Ben Siminou has served as lead counsel in numerous appeals in the California Supreme Court, California Court of Appeal, and the Ninth Circuit Court of Appeals. The following are some of Ben’s recent appellate victories:
Ben represented consumers who claimed they were defrauded into purchasing eye examinations from supposedly "independent" optometrists who, the consumers alleged, were actually subject to extensive control by Walmart as part of a scheme by Walmart to sell more prescription eyewear. After a federal court dismissed the lawsuit, Ben appealed the decision to the United States Court of Appeal for the Ninth Circuit. Ben wrote the winning briefs that ultimately persuaded the Ninth Circuit to reverse the district court's decision and reinstate the lawsuit.
After losing to Ben in the California Court of Appeal in T.H. v. Novartis Pharmaceuticals Corp., 245 Cal.App.4th 589 (2016), a brand-name drug manufacturer — and members of its powerful lobby, including the U.S. Chamber of Commerce — successfully petitioned the California Supreme Court to review the Court of Appeal’s decision. Ben, joined by Leslie Brueckner of Public Justice, persuaded the California Supreme Court to affirm the Court of Appeal’s decision. The resulting majority opinion broke with over 90 decisions from state and federal courts in other jurisdictions to find in favor of the plaintiffs in such cases, and is the first standing state supreme court decision in the United States to assign liability to brand-name manufacturers where the plaintiff was injured by a generic drug.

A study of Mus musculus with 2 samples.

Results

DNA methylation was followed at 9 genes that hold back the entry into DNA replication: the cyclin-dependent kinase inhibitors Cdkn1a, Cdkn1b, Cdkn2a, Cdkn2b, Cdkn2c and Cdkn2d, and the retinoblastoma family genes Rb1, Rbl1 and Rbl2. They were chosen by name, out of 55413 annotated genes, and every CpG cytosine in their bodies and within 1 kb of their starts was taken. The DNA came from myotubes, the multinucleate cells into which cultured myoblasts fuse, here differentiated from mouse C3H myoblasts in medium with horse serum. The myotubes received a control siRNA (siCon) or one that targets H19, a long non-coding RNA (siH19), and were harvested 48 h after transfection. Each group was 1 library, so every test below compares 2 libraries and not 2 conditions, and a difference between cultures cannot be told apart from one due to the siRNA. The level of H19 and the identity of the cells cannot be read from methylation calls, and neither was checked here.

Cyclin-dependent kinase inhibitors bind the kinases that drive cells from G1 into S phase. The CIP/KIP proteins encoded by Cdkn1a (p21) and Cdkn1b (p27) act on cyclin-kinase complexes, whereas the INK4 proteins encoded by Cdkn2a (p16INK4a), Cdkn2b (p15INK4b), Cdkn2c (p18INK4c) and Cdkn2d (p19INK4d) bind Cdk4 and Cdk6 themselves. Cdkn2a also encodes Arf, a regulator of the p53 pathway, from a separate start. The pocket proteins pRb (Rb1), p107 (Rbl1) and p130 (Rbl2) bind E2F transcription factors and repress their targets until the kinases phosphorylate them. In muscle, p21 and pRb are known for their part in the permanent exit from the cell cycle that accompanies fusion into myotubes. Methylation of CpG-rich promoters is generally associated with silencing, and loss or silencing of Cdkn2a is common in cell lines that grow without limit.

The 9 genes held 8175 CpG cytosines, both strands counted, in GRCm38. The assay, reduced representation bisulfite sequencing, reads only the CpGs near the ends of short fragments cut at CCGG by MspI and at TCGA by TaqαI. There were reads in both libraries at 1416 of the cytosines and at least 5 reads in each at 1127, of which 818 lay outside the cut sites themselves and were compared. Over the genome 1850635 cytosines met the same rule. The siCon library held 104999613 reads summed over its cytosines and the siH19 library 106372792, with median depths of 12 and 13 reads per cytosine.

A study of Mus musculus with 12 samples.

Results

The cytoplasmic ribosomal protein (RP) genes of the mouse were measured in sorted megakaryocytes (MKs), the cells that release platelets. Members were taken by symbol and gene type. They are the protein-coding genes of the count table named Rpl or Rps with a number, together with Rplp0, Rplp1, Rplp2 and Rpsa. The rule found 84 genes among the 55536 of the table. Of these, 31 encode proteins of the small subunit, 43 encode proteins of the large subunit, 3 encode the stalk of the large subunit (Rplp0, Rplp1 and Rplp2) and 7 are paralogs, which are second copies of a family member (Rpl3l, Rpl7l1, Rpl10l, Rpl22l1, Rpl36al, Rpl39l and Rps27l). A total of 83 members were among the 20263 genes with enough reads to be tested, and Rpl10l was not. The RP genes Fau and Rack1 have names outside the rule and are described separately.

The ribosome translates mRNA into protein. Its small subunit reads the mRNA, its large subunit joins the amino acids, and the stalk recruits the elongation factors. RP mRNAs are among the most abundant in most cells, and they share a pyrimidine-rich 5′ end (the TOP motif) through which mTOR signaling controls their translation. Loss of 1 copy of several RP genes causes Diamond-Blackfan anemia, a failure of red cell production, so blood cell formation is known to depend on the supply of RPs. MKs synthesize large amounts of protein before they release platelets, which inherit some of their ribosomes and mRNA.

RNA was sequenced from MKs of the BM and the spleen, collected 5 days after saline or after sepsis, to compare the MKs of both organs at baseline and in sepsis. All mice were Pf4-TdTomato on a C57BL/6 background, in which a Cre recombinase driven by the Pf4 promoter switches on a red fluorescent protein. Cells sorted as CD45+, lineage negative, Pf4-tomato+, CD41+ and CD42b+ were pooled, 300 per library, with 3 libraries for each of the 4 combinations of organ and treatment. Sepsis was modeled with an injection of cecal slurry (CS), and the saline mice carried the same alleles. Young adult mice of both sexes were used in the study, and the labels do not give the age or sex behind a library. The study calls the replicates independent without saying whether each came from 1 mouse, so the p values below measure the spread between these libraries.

Ben represented two minor children who were seriously injured from in utero exposure to a generic drug prescribed to their mother for prevention of preterm labor. The minor children sued the former brand-name manufacturer of the same drug product, alleging that the manufacturer unreasonably failed to add warnings to the label that the drug was neither safe nor effective for treating preterm labor. The trial court dismissed the children’s claims, but Ben persuaded the California Court of Appeal to reverse, resulting in just one of two published appellate decisions in the United States to permit such claims. The children's cause also prevailed on subsequent appeal by the manufacturer to the California Supreme Court in T.H. v. Novartis Pharmaceuticals Corp., 4 Cal.5th 145 (2017).
Ben succeeded in reversing the conviction of a suspect whose personal belongings were searched in violation of his Fourth Amendment rights. The trial court had refused to suppress the fruits of the illegal search, but, in a matter of first impression in California, Ben persuaded the California Court of Appeal that the search was unconstitutional under the U.S. Supreme Court’s decision in Herring v. United States, 555 U.S. 135 (2009).
Ben represented the victim of a stabbing at a local shopping mall against the mall and its security contractor. After the trial court granted summary judgment in favor of the defendants, Ben succeeded in reversing the summary judgment. The mall ultimately settled with Ben’s client.